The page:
October 20, 2020

Christian Theological Seminary has awarded grants totaling $100,000 in 2020 for four efforts aimed at breaking the cycle of poverty in Indianapolis. The 2020 Faith & Action grant recipients follow.

Faith IN Indiana $30,000
This grant will support Faith IN Indiana’s programs and policies to reduce incarceration and the stark impact of incarceration on employment, income, and long-term economic self-sufficiency. The nonprofit organization will use grant funds to build support for innovative policies that can fight crime without incarceration. It will expand programs that identify people with substance abuse or mental illness and direct them into treatment, not jail. Funds will also support non-carceral strategies for reducing crime, particularly Group Violence Intervention, a research-backed program that identifies individuals most likely to be perpetrators of gun homicides, surrounds them with social support, and offers them an honorable exit from street crime.

Englewood Community Development Corporation $30,000
This grant will be used to deepen relationships between community partners and two schools newly located in the Englewood neighborhood, Purdue Polytechnic High School (PPHS) and Paramount School of Excellence (PSOE). The collaboration will mobilize community resources to enrich the quality education of students, a majority of whom are people of color and/or from households facing poverty, in a way that will help break the cycle of poverty for their families. Grant funds will include first-year salary and overhead for a new position at Englewood CDC, community school coordinator, as well as supplies to facilitate safe gatherings of school/community stakeholders. The staff person will familiarize students and families with the neighborhood, facilitate connections with community organizations for project-based learning, after-school care, and other supports, and coordinate use of such community resources as Englewood CDC’s commercial kitchen and gymnasium.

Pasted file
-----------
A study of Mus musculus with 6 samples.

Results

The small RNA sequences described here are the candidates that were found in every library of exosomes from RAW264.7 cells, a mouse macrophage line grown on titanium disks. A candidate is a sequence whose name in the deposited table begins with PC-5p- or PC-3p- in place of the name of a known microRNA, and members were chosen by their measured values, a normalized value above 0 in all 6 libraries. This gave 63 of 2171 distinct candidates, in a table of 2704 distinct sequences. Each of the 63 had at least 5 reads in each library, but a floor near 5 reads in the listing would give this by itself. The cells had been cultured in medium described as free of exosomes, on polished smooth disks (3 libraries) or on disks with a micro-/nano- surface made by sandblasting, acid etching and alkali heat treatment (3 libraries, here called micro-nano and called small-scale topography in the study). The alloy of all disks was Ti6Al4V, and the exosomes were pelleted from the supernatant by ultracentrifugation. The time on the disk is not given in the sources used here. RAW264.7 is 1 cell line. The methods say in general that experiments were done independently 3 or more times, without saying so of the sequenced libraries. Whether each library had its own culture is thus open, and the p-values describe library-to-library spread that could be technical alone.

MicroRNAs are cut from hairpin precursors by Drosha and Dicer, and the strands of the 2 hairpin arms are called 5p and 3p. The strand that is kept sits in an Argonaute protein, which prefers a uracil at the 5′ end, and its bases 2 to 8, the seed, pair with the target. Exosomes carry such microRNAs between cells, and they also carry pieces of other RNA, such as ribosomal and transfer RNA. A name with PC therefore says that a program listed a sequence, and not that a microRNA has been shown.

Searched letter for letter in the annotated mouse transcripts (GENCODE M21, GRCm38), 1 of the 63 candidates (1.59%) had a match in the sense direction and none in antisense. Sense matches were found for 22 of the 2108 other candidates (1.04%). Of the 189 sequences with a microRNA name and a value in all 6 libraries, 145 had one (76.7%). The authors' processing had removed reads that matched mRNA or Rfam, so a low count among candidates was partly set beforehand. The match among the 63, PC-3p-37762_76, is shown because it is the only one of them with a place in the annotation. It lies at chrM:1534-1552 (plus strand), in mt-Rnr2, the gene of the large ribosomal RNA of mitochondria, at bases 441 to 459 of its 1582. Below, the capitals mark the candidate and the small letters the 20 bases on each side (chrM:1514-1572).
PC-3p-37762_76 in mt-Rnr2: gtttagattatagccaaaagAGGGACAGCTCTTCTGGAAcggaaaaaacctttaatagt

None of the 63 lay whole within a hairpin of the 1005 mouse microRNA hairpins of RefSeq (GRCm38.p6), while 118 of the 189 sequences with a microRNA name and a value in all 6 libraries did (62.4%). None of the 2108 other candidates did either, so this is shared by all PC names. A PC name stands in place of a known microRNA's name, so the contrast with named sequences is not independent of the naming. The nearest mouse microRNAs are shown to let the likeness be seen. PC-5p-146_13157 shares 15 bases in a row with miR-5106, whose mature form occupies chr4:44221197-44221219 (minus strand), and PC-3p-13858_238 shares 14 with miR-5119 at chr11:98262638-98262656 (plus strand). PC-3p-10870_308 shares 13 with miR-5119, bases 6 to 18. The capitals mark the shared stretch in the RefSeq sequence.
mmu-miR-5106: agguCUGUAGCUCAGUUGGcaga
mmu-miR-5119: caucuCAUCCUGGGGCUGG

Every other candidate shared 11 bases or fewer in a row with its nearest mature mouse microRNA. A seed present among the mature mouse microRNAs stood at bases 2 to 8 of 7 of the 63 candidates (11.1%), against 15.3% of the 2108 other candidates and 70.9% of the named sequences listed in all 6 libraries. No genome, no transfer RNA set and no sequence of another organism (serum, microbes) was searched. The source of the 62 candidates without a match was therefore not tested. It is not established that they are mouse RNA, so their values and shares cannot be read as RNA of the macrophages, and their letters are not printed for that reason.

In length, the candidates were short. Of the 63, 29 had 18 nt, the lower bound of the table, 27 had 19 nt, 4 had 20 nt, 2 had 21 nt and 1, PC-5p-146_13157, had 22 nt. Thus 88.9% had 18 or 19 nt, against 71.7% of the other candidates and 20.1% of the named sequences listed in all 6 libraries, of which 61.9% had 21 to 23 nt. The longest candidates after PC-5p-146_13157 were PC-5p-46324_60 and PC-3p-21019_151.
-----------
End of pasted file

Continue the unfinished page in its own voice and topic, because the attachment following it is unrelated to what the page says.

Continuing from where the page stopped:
Public Advocates in Community Re-Entry (PACE) $25,000
PACE will use its grant funds to remove barriers to successful re-entry for men and women coming out of prison and their families. PACE will expand its efforts that help people living in poverty make progress toward self-sufficiency through employment (assisting individuals get out of poverty), recovery services (preventing overdose), and housing stability (preventing homelessness). PACE fights poverty by helping ex-offenders develop productive lives and avoid re-offending. In addition, for those men who have graduated from PACE programs, a select group will be trained as mentors for teens participating in Hovey Street Church of Christ’s Evolve Ministry.

Hovey Street Church of Christ Evolve Ministry $15,000
This grant will enable Hovey Street Church of Christ to expand its Evolve Ministry for teens struggling with trauma and educate its community on the tools necessary to overcome both mental and physical poverty. The ministry’s innovative collaboration with PACE will provide mentors for teens in the 46218 area code. The community surrounding Hovey Street Church of Christ is an under-served and under-developed area in Indianapolis with significant income disparities. In addition, the community has significant levels of community-based traumas directly to related to violence, structural racism and historical inequalities. The grant funds will help address the significant need for more mental health services and social support for families working to break the cycle of poverty.

“These grant recipients embrace the kind of collaborative and holistic efforts required to reduce and ultimately eliminate poverty in Indianapolis,” said Faith & Action Director Lindsey Nell Rabinowitch.

With the generosity of the Mike and Sue Family Fund, CTS has provided grants to 24 organizations in the past four years with gifts totaling $515,000.

About the Faith & Action Project
Christian Theological Seminary’s Faith & Action Project is dedicated to helping to spark a revolution of hope by leveraging resources of communities of faith to connect, inspire and empower lasting solutions for people confronting poverty. Through annual public events and grants, the Faith & Action Project seeks to ignite a solution-oriented movement for inclusive well-being in our community. Launched in 2016, the Faith & Action Project is supported by the Mike and Sue Smith Family Fund and Lumina Foundation. Learn more about the Faith & Action Project here.